If you had the skills to be hacker how would you use them?  Wreak havoc by infiltrating your friends social media accounts, maybe hitch a ride on your neighbour’s Wi-Fi or hack into the works printer to see what your manager is saying about you in your annual review?

Possibly.  Or, you could do what three Chinese hackers did and make a couple of million quid from insider trading by hacking into the emails of New York law firms and using confidential info to buy shares.*

It ultimately cost them more in penalties than the profits they made, although the £7million they must pay has yet to be collected.

hacker and stock signals

So, what’s the story?

Three hackers, Iat Hong, Bo Zheng, and Hung Chin downloaded countless emails from two New York law firms rooting out information on mergers and acquisitions.  They then bought shares in the companies before the mergers were announced, pocketing a nice profit when the shares inevitably jumped in value.

How did they get caught?

Their problem was they weren’t exactly flying under the radar.  In one month alone they spent $7.5million on stocks.  The unusual trading patterns inevitably caught the attention of the U.S. Securities and Exchange Commission.

These are the big boys.  They basically police the markets and, as anyone who has watched Suits knows, you don’t mess with the SEC.  Unless you are Harvey Specter of course.

Tracked down

In a press release the SEC revealed how they snared the hackers.  Stephanie Avakian, Acting Director of the SEC’s Enforcement Division, said: “We used enhanced trading surveillance and analysis capabilities that we developed over the last few years to identify the broad scope of the defendants’ alleged scheme, including the use of both U.S. and offshore accounts to carry it out.

“This action demonstrates our commitment and effectiveness in rooting out cyber-driven schemes no matter how sophisticated.”

What happened next?

Naturally enough the hackers were hauled into court.  Well, not exactly.

Yes, they were prosecuted in court but, unsurprisingly, the hackers didn’t bother turning up.  In their absence judgement was entered against them and they were hit with the maximum financial penalties allowed under the law.

You can read the judgement here.  I particularly enjoyed the last page which asked the guilty trio to send payment by wire, check (cheque) or postal order.  I’m only surprised there wasn’t a Paypal link in there as well.

stock market dollars

What was the punishment?

The judgement against the hackers amounted to millions of dollars in penalties and they must also return all their profits.  In addition, any assets the trio have in the United States were frozen and the mother of one of the hackers was also ordered to hand over $900,000 she held for her son.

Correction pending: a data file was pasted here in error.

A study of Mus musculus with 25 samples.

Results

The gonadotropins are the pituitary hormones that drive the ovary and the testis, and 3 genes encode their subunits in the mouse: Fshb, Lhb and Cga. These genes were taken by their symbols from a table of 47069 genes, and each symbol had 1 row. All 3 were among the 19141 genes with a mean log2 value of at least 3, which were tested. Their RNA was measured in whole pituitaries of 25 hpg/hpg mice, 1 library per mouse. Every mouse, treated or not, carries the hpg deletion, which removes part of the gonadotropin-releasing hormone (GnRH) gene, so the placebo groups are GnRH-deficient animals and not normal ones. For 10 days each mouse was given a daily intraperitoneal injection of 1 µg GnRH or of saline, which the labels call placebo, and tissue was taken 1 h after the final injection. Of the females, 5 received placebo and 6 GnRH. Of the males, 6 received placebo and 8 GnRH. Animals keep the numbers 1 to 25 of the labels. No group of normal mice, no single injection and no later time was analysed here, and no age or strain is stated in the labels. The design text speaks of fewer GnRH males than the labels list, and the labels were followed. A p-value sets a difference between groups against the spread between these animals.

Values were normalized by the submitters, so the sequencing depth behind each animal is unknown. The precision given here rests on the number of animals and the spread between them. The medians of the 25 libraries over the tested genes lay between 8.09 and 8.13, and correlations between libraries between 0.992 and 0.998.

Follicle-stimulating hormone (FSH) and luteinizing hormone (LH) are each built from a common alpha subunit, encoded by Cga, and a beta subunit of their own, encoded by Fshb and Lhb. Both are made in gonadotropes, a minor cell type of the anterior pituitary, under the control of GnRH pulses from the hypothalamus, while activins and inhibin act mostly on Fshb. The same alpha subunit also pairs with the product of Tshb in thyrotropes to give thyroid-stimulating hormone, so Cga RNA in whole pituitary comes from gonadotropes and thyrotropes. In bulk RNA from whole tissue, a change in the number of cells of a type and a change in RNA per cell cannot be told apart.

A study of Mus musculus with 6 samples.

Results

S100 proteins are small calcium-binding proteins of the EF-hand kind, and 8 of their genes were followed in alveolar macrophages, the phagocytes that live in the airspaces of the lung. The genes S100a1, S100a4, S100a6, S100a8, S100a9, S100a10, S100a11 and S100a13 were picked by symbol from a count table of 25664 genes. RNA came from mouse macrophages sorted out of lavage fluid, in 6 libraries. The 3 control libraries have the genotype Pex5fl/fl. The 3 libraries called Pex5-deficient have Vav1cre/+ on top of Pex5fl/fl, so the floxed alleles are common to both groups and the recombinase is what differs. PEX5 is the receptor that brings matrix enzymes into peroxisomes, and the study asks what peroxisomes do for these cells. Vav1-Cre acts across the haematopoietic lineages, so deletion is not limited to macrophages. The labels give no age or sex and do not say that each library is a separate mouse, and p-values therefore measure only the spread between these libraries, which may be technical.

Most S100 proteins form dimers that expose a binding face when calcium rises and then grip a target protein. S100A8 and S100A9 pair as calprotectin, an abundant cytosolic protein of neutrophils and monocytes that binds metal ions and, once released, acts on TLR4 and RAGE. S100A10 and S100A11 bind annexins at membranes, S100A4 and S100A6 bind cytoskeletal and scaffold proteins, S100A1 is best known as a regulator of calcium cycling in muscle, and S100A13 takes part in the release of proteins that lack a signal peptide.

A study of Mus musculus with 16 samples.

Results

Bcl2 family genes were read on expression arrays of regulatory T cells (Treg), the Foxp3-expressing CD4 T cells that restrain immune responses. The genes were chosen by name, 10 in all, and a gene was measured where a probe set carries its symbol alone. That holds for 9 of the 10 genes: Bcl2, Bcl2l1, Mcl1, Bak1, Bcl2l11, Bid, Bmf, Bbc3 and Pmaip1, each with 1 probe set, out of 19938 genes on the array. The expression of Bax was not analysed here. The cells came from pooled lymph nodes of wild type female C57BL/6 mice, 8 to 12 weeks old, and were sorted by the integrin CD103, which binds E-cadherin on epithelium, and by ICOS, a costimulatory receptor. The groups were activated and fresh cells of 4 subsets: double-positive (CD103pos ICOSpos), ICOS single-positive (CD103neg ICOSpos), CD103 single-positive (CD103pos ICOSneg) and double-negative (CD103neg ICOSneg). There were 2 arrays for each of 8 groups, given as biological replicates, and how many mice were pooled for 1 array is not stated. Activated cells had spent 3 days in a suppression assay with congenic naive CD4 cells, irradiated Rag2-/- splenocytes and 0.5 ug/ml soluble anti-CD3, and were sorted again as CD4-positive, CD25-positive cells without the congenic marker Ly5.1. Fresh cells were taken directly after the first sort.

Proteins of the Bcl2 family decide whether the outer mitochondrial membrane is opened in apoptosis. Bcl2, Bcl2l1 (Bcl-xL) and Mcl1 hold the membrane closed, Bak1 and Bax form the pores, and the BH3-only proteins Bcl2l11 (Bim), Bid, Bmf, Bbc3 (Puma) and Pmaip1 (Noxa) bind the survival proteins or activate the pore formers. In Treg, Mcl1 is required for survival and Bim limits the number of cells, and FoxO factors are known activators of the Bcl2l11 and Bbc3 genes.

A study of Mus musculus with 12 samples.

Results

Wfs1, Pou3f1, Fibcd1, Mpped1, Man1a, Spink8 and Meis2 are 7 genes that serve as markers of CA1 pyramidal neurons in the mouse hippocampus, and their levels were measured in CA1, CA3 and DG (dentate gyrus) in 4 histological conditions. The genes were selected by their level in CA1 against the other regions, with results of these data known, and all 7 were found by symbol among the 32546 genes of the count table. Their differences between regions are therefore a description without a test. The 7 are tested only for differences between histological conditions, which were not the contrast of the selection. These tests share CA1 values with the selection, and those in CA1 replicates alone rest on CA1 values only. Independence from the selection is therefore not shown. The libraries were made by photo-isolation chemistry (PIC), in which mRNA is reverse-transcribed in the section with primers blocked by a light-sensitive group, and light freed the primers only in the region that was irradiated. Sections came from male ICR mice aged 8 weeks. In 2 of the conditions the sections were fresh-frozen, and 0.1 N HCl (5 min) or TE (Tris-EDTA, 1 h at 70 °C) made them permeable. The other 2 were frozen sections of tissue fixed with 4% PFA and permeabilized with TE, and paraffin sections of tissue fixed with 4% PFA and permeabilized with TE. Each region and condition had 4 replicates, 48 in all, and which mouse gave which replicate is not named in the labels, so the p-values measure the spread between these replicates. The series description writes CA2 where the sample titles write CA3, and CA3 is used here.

Hong, Zheng, and Chin still face other charges and could be sent to prison.  Or they could be if they ever enter the United States.

The hackers are still in China and it is unclear whether they are being detained by the Chinese authorities.  The likelihood is not and extradition could be a long and drawn out process with no guarantee the hackers will ever be arrested and sent to the States.  There is even less chance of recovering any of the money.

*No, this is not a recommendation.  Don’t do this at home kids.


Token old guy in the office and lifelong Hull City fan with all the psychological issues that brings. To relax I enjoy walking my two Labradors, as well as running and cycling.



    Clearly, in intercepting these emails the Chinese hackers gained access to privileged information passing between insiders who have no doubt been making money hand over fist for years. It appears that the Securities and Exchange Commission turn a blind eye to this insider trading, but take a dim view of anyone else who cashes in on the scam.

  2. Anonymous 27 May, 2017 at 11:38

    Being wise and trading using the best information is what everyone does… can you imagine anyone just picking stock at random or throwing dice? Insider trading is about people involved in the businesses concerned using privileged information to take unfair advantage. Just listening to guys talking in a restaurant or hearing gossip from the smokers standing by the back door is like reading a newspaper or noticing increasing numbers of delivery trucks, it’s just using your wits. When you turn that into a multi million trading company a line has been crossed.